What to Expect on Trade Policy in the New Administration?

ThinkstockPhotos-543988758On March 1, the Office of the United States Trade Representative released the annual Trade Policy Agenda. The administration remains focused on its promise to secure strong trade agreements for the U.S. that support Americans and to strongly enforce U.S. trade laws. The report identifies other priority areas such as defending U.S. national sovereignty and providing effective protection of U.S. intellectual property rights.

President Donald Trump is following through with his campaign promises on trade. On January 23, he signed an executive order to withdraw the United States from the Trans-Pacific Partnership (TPP). Without the U.S. in the TPP, the absence of the U.S in the Asia-Pacific region is significant. The U.S. needs to quickly pivot and proceed with a new strategy for engagement in Asia.

President Trump’s frustration with the North American Free Trade Agreement (NAFTA) – and his ambition to fix it—is clear. On February 2, he invited Congressional leaders to the White House to begin conversations on renegotiating NAFTA. Since then, administration officials have engaged in consultations with Congress and these consultations are expected to accelerate. The president has acknowledged the role of Trade Promotion Authority (TPA) and the role of Congress in such negotiations. TPA requires a written notice from the administration to Congress establishing specific objectives for the negotiations. This will then trigger a 90-day clock before negotiations may begin, and it provides a period of time for further consultation with Congress and the industry advisory groups. TPA also requires that at least 30 calendar days before negotiations begin, USTR must publish on their website a detailed and comprehensive summary of the specific objectives with respect to the negotiations and a description of how the agreement, if successfully concluded, will further those objectives and benefit the U.S. CompTIA welcomes a modernization of the 23-year-old agreement to enhance our trading relationships with our top trading partners. Technology has evolved immensely and while the agreement has worked well for the tech sector, we have an opportunity to strengthen the agreement to reflect trade in services, rules in digital trade and an open platform for innovation that supports the rapidly evolving technology sector.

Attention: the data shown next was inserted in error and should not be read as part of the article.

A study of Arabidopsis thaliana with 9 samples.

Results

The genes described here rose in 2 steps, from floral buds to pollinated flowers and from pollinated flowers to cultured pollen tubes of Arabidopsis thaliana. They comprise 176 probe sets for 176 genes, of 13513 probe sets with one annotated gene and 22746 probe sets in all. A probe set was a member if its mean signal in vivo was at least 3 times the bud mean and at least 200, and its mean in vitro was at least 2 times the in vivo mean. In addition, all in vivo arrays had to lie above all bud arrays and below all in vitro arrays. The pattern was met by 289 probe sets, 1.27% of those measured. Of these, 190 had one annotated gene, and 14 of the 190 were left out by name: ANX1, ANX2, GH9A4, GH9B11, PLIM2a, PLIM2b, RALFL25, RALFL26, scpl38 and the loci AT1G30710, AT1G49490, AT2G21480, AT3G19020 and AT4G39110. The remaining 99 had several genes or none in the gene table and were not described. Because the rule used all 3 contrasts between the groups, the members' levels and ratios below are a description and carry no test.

In his agenda, President Trump also vows to enforce unfair trade practices by foreign countries. The administration’s nominees are hawkish on China and we expect increased enforcement on steel and aluminum, and possibly other measures to enforce U.S. trade laws. China’s reaction to this enforcement may take the shape of retaliation and CompTIA is closely following the bilateral relationship. We are advocating on our member’s priorities through our executive leadership role in the United States Information Technology Office (USITO) in Beijing.

Please contact stefanie holland, director, international government and regulatory affairs for CompTIA, for more information and how you can get involved at sholland@comptia.org.